Why I'm not voting in the 2014 European Parliament elections

Snow White helps out (2012), 5 by Finn Frode (DK) from flickr (CC-NC-SA)
All the choices are unacceptable, and there's not even a protest vote option.

Pro-euro parties guarantee Eternal Recession

Polish mainstream political establishment (all the way from far-left to center-right) is pro-EU to the degree that everything EU does is thoughtlessly accepted as amazing - and completely ignores all the genuine problems EU suffers from like creation of eurozone and lack of any real democratic accountability.

Euro was the single biggest mistake in the history of EU, and either abolishing euro or replacing ECB with something less disastrous are the only ways EU can ever exit its eternal recession and return to healthy economic growth.

In case you need the background - unlike most other central banks which are changed with keeping the whole economy in good order, European Central Bank has single mandate of "price stability", and by design is meant to ignore everything else about the economy. To make matters worse while "price stability" was traditionally understood to mean core (excluding highly volatile prices like food and energy) inflation of about 2%, ECB reinterpreted it to mean "as close to 0% inflation as possible". The last time core inflation was over 2% was in 2003, so ECB was not doing its job properly long before the crisis, and since then it's been a total disaster.

Such single-minded focus on inflation is a recipe for turning any kind of economic difficulty into an endless recession with ever-increasing debt levels and massive unemployment (which by unemployment hysteresis becomes pretty much permanent), which is exactly what happened.

Regardless of their mandate, all other central banks in the world have some kind of democratic accountability - if they're screwing too hard their mandate will be adjusted or central bankers replaced. This occasionally resulted in politicians intervening in monetary policy directly, so central banks typically balance this with some degree of operational independence, but ECB got the level of independence so extreme that they are completely unaccountable to anybody - it's just a dictatorship by committee deciding the fate of European economy.

Eurozone is also a horrible as an optimal currency area - without local currencies or capital controls capital flows freely between banks of different countries, which would be perfectly fine if some kind of banking union existed. Instead governments of each country implicitly guarantees private debt of all banks within their territory, with even a suggestion of creditor haircut considered a heresy.

This is a recipe for exactly the kind of disasters we've seen during the Great Recession - German banks lend ton of money to banks in eurozone periphery with no regard for risk, then when things got tough periphery countries became accountable for 100% of these risky loans (with their citizens never being consulted on any of that - if there's one thing EU bureaucrats hate the most, it's any kind of genuine democracy), which required massive austerity, which together with massive capital outflows led to the level of economic deterioration which made debts completely impossible to repay.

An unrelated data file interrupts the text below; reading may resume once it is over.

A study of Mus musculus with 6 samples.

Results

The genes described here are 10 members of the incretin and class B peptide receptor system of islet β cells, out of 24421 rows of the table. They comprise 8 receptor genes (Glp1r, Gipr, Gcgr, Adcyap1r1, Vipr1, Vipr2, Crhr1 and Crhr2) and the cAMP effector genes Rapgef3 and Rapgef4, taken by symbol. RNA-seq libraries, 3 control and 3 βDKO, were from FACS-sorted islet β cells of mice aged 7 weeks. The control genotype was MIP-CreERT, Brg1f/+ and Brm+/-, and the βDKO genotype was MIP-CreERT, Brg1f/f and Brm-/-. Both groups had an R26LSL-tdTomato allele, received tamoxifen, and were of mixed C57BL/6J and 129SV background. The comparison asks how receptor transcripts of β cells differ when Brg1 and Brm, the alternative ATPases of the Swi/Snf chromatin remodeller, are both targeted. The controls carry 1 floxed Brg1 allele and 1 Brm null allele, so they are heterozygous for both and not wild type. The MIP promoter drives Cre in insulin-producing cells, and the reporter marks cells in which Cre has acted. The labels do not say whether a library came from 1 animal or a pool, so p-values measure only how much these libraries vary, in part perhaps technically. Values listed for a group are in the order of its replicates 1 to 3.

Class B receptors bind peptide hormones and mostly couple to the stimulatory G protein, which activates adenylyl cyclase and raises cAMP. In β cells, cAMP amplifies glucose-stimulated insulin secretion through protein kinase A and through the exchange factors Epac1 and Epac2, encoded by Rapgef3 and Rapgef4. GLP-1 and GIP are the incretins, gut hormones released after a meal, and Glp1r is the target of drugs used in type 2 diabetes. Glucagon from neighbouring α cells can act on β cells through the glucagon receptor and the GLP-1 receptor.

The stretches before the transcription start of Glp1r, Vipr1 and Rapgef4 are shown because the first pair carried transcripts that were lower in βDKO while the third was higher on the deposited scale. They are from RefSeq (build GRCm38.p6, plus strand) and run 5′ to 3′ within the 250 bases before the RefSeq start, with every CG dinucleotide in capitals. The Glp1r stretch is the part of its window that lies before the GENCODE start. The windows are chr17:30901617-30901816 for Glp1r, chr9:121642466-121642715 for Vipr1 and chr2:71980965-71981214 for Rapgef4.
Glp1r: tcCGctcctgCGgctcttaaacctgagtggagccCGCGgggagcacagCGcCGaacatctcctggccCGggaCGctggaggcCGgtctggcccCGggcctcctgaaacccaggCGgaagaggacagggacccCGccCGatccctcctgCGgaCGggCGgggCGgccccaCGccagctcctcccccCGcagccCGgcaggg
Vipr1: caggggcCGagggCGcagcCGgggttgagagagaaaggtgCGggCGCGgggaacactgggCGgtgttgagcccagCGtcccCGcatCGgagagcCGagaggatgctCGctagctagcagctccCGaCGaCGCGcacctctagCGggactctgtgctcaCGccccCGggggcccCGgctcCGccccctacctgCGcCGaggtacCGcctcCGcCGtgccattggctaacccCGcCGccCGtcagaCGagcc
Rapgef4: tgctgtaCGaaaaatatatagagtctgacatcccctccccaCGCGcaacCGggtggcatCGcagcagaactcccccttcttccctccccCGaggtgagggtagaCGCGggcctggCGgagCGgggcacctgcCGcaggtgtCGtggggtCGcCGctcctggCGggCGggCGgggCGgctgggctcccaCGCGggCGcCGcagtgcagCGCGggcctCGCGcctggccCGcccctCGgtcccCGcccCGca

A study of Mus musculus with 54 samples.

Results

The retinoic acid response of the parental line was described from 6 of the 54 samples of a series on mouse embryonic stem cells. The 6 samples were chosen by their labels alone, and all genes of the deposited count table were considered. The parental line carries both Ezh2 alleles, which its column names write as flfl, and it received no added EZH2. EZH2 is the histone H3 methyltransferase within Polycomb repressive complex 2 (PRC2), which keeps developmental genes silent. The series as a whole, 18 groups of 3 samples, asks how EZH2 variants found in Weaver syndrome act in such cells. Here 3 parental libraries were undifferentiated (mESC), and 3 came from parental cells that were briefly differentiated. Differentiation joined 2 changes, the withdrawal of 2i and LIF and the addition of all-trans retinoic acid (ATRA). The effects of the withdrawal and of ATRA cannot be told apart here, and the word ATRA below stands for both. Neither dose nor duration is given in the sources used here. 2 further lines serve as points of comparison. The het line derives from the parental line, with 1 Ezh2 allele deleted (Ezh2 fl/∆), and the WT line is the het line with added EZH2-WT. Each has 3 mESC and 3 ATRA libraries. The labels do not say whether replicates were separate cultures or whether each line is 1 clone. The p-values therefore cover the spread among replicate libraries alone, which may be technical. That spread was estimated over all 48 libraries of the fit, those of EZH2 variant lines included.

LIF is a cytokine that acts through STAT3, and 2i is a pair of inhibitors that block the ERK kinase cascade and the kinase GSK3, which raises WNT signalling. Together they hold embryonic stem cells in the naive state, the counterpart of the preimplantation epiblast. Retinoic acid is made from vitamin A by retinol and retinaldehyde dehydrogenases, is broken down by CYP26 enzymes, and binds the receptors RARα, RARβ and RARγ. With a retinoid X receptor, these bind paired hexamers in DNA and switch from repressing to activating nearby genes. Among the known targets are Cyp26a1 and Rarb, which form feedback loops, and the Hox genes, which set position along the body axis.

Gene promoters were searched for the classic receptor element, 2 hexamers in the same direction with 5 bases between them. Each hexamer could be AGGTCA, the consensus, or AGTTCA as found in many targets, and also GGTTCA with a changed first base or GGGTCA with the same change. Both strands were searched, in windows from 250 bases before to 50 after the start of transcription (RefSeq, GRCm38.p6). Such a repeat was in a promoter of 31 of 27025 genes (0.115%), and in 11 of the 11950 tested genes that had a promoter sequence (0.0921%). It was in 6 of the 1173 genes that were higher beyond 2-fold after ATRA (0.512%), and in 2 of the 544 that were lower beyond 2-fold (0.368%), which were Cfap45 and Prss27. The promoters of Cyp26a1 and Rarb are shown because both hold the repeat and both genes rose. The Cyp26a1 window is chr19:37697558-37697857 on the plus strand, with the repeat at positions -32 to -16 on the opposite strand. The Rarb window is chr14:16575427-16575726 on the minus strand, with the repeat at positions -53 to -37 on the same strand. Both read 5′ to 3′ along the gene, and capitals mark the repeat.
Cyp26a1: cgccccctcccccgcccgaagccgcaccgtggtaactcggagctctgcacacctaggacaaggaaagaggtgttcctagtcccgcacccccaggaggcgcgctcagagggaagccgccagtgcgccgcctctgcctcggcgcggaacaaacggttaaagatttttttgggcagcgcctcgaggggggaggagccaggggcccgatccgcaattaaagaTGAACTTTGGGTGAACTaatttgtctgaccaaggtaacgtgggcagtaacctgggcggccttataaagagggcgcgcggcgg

Any kind of common sense relief - like banking union, fiscal transfers, bond haircuts, accepting higher eurozone inflation, bonds guaranteed by all of eurozone members, letting insolvent banks fall without government guarantees etc. - are all instantly rejected by the EU bureaucracy, and EU bureaucracy has absolute control over eurozone monetary policy, voters be damned.

The only countries which came out relatively well out of recession were ones outside eurozone like Poland and UK, and ones who basically used it to steal money from the periphery countries like Germany did by forcing them to guarantee private banking loans.

And imagine that - half of Polish political parties want Poland to join euro. Even if this recession ends somehow, and so far nothing suggests that it ever will (Japan's lasts over two decades now with no end in sight), current structure of euro pretty much guarantees another, most likely even worse.

It would make some sense in Latvia maybe - 20% unemployment is not so bad compared with Russian tanks, but for Poland adopting euro would be an unrecoverable disaster.

Anti-euro parties are all basically crazy

Between Smoleńsk and Korwin... OK, that was a cheap shot, but the right wing side of Polish politics took a massive turn into crazy direction lately. Even Korwin used to be a useful voice of dissent in early 90s back when he was just a low-government libertarian instead of going basically full neoreaction.

Even ignoring the crazies and the nationalists, the only people who don't think everything about EU  are ones who want to pretty much dismantle the whole thing, and kick out all the foreigners while they're at it.

There's nobody who wants to turn EU into something workable - which at a minimum means ditching euro in its current form, and introducing an order of magnitude more democratic accountability than it currently has.

Does that mean I'm never voting again?

Not really. It makes sense to vote in elections to European Parliament based on policies parties have towards EU issues, since that's what they'll be doing. In national elections, domestic issues matter a lot more.

Not voting is a totally legitimate choice in any elections. When all choices are horrible, and my vote matters very little (since European Parliament has very little power), there's really no point in endorsing one or another of the horrible choices by voting for it.

To double check my decision I took the quiz on Latarnik Wyborczy website - and it seems I disagree with every single political party pretty much equally. Give it a try as well, maybe you care about other matters and don't consider euro or Smoleńsk as nonnegotiable issues like I do.